Healthcare Mandate Could Have Turned Off Democrats

If Romney had been elected president in 2008 and championed a healthcare individual mandate, would Democrats have supported him as they did Obama?


They charge, further, that the only reason the individual mandate has come to symbolize the end of free-market capitalism in America is because President Obama embraced it.

There's some truth to this, but I think this assumption lets Democrats off too easily. [Check out our editorial cartoons on healthcare.]

But what if the shoe were on the other foot?

Let's take a ride in the Counterfactual Machine:

Imagine Mitt Romney had been elected president in 2008 and championed the healthcare reform plan he signed into law in Massachusetts. After all, he called the reforms there a "model for the nation."

Imagine that he won over skeptical Republicans by massaging conservatives' get-tough, take-personal-responsibility erogenous zone and calling the mandate "the ultimate conservative idea—which is that people have responsibility for their own care, and they don't look to government to take care of them if they can afford to take care of themselves."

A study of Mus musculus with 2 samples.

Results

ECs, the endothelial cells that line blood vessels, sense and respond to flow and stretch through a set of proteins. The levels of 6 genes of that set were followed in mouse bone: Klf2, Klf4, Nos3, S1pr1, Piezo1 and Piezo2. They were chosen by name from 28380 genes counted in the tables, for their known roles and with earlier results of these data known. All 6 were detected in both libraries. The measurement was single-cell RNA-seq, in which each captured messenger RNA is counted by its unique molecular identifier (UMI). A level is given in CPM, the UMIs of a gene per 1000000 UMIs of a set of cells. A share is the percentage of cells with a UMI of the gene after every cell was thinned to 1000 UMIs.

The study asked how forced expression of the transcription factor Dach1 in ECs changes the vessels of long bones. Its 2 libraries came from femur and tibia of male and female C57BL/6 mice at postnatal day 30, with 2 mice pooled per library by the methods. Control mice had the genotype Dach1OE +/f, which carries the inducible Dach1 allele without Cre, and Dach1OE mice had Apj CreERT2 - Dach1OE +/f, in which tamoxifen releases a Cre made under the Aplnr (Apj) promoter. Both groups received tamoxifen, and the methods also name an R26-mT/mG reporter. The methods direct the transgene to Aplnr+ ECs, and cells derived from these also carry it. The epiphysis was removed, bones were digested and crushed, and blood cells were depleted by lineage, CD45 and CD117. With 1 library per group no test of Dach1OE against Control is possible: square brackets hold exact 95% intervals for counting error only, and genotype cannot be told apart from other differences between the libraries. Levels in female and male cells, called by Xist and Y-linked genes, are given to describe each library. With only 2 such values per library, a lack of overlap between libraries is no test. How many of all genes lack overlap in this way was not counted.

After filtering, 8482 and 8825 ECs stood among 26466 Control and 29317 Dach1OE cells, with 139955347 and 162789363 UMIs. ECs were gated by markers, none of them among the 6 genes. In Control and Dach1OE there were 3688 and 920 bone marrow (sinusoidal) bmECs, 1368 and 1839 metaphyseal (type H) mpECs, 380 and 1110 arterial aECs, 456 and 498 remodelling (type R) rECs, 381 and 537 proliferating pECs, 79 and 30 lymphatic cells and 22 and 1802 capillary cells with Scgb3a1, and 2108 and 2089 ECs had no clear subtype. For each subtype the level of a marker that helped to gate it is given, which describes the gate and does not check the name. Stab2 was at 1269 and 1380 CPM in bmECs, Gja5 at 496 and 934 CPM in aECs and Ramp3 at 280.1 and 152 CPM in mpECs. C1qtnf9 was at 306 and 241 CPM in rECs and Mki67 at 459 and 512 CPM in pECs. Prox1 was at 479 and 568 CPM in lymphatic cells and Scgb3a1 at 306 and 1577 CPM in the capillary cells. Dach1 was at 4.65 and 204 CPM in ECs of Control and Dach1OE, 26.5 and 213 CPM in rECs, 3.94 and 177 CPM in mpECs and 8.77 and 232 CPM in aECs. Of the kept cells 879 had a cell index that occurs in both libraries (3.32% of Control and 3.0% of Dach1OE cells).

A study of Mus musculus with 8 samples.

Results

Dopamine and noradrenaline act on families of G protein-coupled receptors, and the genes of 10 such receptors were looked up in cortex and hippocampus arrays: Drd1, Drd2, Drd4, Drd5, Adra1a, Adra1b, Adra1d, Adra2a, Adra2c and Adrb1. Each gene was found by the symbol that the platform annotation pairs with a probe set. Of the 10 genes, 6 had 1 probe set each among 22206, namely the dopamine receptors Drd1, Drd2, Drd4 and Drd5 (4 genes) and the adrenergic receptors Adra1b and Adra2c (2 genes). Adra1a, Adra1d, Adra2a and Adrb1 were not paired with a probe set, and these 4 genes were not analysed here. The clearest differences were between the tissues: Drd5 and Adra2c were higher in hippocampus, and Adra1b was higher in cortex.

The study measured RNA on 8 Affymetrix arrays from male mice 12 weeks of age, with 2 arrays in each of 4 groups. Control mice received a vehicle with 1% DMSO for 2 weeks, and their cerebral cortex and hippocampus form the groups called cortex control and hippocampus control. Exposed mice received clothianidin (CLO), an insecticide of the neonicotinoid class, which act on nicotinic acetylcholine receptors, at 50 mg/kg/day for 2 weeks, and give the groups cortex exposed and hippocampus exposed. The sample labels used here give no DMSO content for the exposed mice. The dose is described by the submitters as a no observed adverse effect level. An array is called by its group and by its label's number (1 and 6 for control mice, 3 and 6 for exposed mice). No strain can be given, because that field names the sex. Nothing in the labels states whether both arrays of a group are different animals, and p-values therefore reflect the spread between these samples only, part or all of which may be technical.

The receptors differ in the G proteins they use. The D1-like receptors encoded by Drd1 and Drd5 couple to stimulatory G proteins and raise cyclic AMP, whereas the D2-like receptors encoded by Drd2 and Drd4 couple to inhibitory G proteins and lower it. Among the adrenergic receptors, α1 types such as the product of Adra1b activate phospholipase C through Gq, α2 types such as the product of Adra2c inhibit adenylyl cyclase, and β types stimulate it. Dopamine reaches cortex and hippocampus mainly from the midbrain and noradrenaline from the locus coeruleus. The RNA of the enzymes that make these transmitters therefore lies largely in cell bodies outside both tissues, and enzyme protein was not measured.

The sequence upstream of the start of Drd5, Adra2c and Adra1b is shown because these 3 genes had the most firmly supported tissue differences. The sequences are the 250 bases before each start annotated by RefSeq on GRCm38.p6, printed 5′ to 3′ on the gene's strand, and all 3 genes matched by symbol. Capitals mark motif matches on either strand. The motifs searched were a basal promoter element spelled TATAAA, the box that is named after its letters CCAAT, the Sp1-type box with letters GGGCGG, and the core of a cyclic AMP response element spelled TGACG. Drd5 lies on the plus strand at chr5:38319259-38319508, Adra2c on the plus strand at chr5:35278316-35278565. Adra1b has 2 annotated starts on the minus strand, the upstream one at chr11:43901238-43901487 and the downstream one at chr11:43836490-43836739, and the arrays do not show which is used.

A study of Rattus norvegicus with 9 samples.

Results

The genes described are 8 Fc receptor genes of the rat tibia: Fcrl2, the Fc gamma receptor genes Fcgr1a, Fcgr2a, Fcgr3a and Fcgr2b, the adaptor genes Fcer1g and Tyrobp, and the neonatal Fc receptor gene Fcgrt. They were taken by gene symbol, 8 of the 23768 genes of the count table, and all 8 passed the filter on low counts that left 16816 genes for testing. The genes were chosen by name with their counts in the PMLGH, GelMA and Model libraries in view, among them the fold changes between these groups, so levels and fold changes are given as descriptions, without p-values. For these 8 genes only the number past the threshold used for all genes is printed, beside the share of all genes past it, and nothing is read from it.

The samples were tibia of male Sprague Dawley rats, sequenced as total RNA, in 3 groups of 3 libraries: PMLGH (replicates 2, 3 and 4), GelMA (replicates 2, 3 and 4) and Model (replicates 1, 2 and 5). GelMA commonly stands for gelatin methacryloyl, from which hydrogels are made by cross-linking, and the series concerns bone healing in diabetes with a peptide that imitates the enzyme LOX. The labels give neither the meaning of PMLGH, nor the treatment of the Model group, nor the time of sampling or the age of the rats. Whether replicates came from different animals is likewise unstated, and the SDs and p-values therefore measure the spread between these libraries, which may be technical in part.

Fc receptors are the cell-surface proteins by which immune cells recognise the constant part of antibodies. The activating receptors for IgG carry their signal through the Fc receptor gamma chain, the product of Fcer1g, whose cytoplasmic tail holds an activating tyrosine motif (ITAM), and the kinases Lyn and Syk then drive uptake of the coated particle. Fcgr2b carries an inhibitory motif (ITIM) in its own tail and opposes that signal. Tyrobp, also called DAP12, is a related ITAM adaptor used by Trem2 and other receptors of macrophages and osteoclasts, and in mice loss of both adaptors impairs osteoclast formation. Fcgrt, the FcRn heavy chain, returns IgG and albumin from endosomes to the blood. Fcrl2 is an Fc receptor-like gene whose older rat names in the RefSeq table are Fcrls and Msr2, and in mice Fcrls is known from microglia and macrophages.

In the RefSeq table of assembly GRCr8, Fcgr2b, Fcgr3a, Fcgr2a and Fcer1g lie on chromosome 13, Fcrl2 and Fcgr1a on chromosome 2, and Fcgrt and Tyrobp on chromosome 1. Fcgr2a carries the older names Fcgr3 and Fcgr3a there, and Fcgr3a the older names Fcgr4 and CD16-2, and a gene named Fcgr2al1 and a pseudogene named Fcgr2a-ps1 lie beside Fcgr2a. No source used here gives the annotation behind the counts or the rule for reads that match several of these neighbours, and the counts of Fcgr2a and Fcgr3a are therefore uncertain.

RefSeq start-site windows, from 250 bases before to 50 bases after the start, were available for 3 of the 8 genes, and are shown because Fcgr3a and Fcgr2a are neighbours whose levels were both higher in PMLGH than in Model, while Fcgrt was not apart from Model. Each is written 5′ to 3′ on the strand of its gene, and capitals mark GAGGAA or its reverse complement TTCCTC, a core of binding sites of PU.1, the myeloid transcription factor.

Imagine, too, that Romney gained support for the mandate by reasoning it would bring enough revenue into insurance pools to pay for coverage subsidies, thereby avoiding higher taxes. [See photos of the GOP hopefuls on the campaign trail.]

Under this not-far-fetched scenario, Barack Obama has lost the election and therefore has no reason to depart from his original stance against the mandate, which he laid out explicitly on The Ellen Degeneres Show in 2008:

Both [Sen. Hillary Clinton and I] want to provide healthcare to all Americans. There's a slight difference, and her plan is a good one. But she mandates that everybody buy healthcare. She'd have the government force every individual to buy insurance and I don't have such a mandate because I don't think the problem is that people don't want health insurance, it's that they can't afford it. So I focus more on lowering costs. This is a modest difference. But it's one that she's tried to elevate, arguing that because I don't force people to buy healthcare that I'm not insuring everybody. Well, if things were that easy, I could mandate everybody to buy a house, and that would solve the problem of homelessness. It doesn't.

I bring all this up to ask: What if the mandate had stayed a Republican idea? [See our slideshow: 10 Winners in the Healthcare Debate.]

Would Democrats be marching in lockstep behind it?